Music by VICE

Kilbourne Uses Devastating Hardcore to Face Her Ghosts on New EP, 'Sourland'

In an interview, Ashe Kilbourne explains how it explores femmeness, transwomanhood, sexual violence, and medicalizing of queer narratives.

by Alexander Iadarola
May 31 2016, 7:25pm

Photo by Jesse Guillory

New Orleans-based producer and DJ, Kilbourne, has shared an unapologetically hardcore new EP called Sourland, following the release of her collection 18 Songs (2013-2015) in March. Drawing on a palate of sounds ranging from theatrical hardstyle to straight up club noise, the KUNQ affiliate delivers on the promise of Sourland's visceral title by offering a wild ride of delirious hyper-intensity. After hearing just a minute of the EP it probably won't surprise the listener to learn that the artist also plays in a grindcore band called Cicada.

With track titles like "Men:Parasites" and "Witch Hunter" it seemed clear that there was a lot going on beneath the surface of these songs, so we were lucky to be able to interview Ashe Kilbourne on the occasion of this EP's premiere today. Read about how the artist responds to trauma in an "unapologetic, aggressive, femme way" below, and for more KUNQ, be sure to check out the crew's recent, devastating mix for Fade to Mind's Rinse FM slot.

THUMP: In our earlier email exchange you explained that Sourland is made up of "songs [that] explore femmeness, transwomanhood, sexual violence, and medicalizing of queer narratives." Can you say a little more about that? Also I'm very interested in the title—why 'Sourland'?
Kilbourne: The first song I made on this album was "Men:Parasites" last Fall. I was in a place where I was resenting someone who had sexually assaulted me. A lot of models for community accountability don't work when someone who abused you is just a rando, especially if they don't think they did something wrong and don't identify with whatever community you're a part of. It's so easy for someone to become a ghost, and I wanted to explore through music how trauma haunts people.

It's violence, and I feel particular vulnerability as a trans woman. A lot of the time, people who sleep with us, men especially, treat us like we don't exist or hide or distance themselves from the relationship.

"Men:Parasites" felt like an opening to first accepting and experiencing the violence of being haunted by trauma, and then responding to it in an unapologetic, aggressive, femme way. I love hardcore, and I love it for being unrelenting, for its drama and brutality. Sourland is an outsider perspective, but I want to embrace that. I love how I have experienced hardcore, gabber, hardstyle, etc., from listening to radio in high school to nightcore spirals, from watching festival YouTube footage to actually traveling to Europe to be at Defqon1 and Dominator this summer.

I grew up in the Sourland mountains. (Which is silly cause really it's one mountain in central New Jersey, but my family lives on it). My father did work to preserve the wildlife and prevent developing on it and so it was a name I heard around the house growing up. I asked Izzy (Stud1nt) what they thought it meant, because I'm still surprised that it took hold as a name both for a song and the EP. They said it reminded them of a fucked up hardstyle theme park which I think is great. Also, just feeling sour. There's plenty in life to feel blessed and happy about, and there's also times where it's appropriate to feel sour and occupy that mind-state.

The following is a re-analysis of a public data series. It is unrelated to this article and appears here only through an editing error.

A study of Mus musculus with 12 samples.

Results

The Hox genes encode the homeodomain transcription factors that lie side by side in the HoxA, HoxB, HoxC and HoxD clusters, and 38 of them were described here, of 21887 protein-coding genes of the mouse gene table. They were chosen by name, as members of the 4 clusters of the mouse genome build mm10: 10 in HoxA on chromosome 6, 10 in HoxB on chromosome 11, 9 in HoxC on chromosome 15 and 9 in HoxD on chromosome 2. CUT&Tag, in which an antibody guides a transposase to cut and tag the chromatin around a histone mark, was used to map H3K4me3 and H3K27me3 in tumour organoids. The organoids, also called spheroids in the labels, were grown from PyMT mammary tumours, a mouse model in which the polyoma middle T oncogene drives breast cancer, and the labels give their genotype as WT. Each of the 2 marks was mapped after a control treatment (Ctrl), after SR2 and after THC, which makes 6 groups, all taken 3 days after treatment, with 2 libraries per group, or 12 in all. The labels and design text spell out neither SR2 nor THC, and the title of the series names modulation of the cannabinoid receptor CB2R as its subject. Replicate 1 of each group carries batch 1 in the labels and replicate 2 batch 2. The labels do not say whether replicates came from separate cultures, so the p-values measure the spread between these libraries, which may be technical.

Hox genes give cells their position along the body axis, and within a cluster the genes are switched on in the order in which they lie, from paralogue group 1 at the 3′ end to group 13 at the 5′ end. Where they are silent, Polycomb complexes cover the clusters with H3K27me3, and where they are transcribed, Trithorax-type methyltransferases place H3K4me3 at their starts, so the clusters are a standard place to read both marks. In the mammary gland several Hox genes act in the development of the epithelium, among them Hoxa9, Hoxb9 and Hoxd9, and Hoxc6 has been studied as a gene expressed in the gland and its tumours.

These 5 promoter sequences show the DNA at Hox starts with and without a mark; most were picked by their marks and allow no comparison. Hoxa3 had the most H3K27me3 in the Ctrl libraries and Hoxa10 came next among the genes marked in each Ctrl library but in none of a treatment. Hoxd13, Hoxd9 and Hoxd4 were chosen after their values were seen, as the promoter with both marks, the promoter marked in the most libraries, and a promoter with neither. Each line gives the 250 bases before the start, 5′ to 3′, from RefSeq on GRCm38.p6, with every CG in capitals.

Can you walk us through the rest of the tracks on the release?
I got a vaginoplasty in January and there's a lot of feelings about that in here, especially on "Gauze" and "Sourland." I'm responding to the physical pain born out of a ridiculous situation: the requirement of a vagina to be "fully" woman and my move towards cyborg living. It's simultaneously so new (technological intervention into our bodies) and old (vagina as archaic mother, male fear of castration). A lot of horror movies are based around these fears, that something vaginal (the womb-like spaceship in Alien, the ominous slaughterhouse in Texas Chainsaw Massacre, the video tape that births Sadako in The Ring) will castrate the viewer. The vagina is the most potent example of being without a penis. When writing about horror movies Barbara Creed calls this the monstrous feminine. Rizzla [Brooklyn-based Fade to Mind affiliate] called Sourland "agro-femme," and I think the two overlap nicely.

I resent how the world demands shame from trans women. We legitimize our identities through medical steps that invalidate whatever life we've lived up to that point. I don't like treating who I was before surgery like a ghost.

You've described this as the work you're most proud of to date. What came together in a new way for you here as an artist?
I love Sourland for being dramatic, for being heavy, difficult, and unrelenting. I'm excited to examine my ghosts, and to continue narratives I've started in other projects. I sing in a grind band called Cicada and a lot of our next tape is about the intersection of sexual violence and surgery. One song begins, "When I get my new pussy, how long will it be before someone uses it without my permission?"

I also feel positive about moving away from mostly making club music. I'm grateful to the people, especially my partner Zayn, who made me look critically at what it means to take up space in Black art forms like Jersey and Philly Club. Supporting or loving a genre doesn't need to look like forcing yourself inside of it.